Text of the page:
Don’t just carry on if you’re experiencing pain

Fit to Farm: This can lead to burnout, injuries, illness, and lower stress tolerance

Farmers have a culture of pushing through pain, but pain is generally not a beneficial thing to push through in terms of longevity in our health and performance.

I see all sorts of complaints in the clinic, ranging from sore backs, tense shoulders, headaches, and acute injuries. When we’re going through a busy time, it’s important to keep in mind some simple tools to help prevent, and alleviate, the symptoms of busyness.

Farmers have a culture of pushing through pain, but pain is generally not a beneficial thing to push through in terms of longevity in our health and performance. If we are in pain and negatively stressed, we’re more likely to experience burnout, injuries, illnesses, and lower tolerance to day-to-day stressors.

During periods of intense work, having uncomfortable sensations is normal. Pushing yourself to new levels is inherently going to cause discomfort, soreness, and fatigue. However, there is a big difference between pain that comes with normal fatigue/fitness development and pain that is a message from your body saying something negative is happening. This is a pretty obvious distinction all humans are capable of making when we really listen to our bodies.

The other thing to be aware of is the pain that comes because we are pushing ourselves too much. Ongoing fatigue, soreness that lasts longer than a few days past an intense period, headaches, trouble sleeping, new and sustained muscle tension are all signs of burnout, and shouldn’t be ignored.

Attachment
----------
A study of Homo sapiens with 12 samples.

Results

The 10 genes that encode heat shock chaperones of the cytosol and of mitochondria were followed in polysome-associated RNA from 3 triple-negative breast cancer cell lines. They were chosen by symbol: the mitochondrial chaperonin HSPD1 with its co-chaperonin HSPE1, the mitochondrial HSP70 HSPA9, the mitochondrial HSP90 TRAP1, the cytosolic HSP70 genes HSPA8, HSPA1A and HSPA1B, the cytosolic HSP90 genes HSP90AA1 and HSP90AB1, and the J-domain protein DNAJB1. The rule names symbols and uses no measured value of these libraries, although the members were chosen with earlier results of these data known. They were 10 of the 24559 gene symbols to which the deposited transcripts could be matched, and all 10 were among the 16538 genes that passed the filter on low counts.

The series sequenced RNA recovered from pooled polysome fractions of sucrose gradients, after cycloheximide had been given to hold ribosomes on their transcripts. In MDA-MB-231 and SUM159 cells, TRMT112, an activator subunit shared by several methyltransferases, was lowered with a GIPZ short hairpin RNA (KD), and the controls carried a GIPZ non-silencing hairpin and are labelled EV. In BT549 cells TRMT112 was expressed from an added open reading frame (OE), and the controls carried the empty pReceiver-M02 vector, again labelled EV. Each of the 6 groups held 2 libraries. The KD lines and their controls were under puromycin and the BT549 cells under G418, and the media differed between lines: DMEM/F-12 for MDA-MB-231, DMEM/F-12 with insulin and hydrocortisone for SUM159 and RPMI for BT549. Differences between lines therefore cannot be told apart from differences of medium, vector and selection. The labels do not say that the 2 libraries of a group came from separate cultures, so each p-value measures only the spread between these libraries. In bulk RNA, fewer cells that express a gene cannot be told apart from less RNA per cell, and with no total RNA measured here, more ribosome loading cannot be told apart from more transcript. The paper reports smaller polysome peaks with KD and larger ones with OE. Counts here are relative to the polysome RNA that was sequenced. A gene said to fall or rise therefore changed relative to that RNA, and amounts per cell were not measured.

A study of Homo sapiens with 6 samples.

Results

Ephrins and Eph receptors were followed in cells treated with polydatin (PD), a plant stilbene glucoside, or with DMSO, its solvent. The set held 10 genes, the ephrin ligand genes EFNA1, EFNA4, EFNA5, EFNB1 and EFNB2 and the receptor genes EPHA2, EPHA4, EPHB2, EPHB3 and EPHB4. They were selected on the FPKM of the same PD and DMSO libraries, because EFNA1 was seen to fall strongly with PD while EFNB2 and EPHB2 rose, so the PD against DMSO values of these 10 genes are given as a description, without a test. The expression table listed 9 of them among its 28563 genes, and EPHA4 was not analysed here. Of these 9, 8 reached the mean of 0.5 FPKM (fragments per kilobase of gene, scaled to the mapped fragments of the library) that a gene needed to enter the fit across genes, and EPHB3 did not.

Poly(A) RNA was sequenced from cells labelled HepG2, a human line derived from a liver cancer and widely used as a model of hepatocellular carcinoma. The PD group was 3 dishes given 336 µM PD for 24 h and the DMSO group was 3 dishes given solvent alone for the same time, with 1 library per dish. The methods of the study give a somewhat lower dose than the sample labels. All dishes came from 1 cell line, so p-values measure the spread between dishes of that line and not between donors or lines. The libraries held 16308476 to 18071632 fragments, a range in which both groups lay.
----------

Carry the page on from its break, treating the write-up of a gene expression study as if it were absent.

Preventing negative pain is fairly simple. Pain usually appears with poor biomechanics/form. Taking an honest look (usually having some guidance) at your form during functional tasks on the farm can be beneficial. Are you lifting correctly? Can you add movement variation to your day to break up periods of sitting? Are you listening and dealing with body irritations as they arise (or pushing them to the side to fester)?

Besides checking your form, make sure you are intaking appropriate nutrition, hydration, and allowing for rest time. The basics of these are:

  • Eat majority whole/real foods (get rid of processed foods and high-sugar foods). Sugar/additives are highly inflammatory to our system and can create problems.
  • Be intaking two to four litres of water a day, and include electrolytes in your water during periods of increased energy output.
  • Co-ordinate high-intensity workouts with lower-intensity recovery days (two to four strength-based workouts, one to three cardio or longer lower-intensity workouts, and at least one recovery day a week).
  • Pay attention to your body. If you’re feeling off or extra fatigued allow for flexibility in your schedule to swap workout styles or take an extra recovery day. Your performance and health will be way better off for it!
  • We all need at least one recovery day in the week. Schedule accordingly.

Do not ignore pain. Find a reliable and educated health-care professional who can properly assess your movement, function, and pain site. Having a team on your side saves you inconvenience, pain, and money in the long run.

About the author


Kathlyn Hossack runs a clinical practice, Integrative Movement in Winnipeg, Manitoba and consults clients throughout Alberta on a regular basis. For questions or consultations email her at [email protected].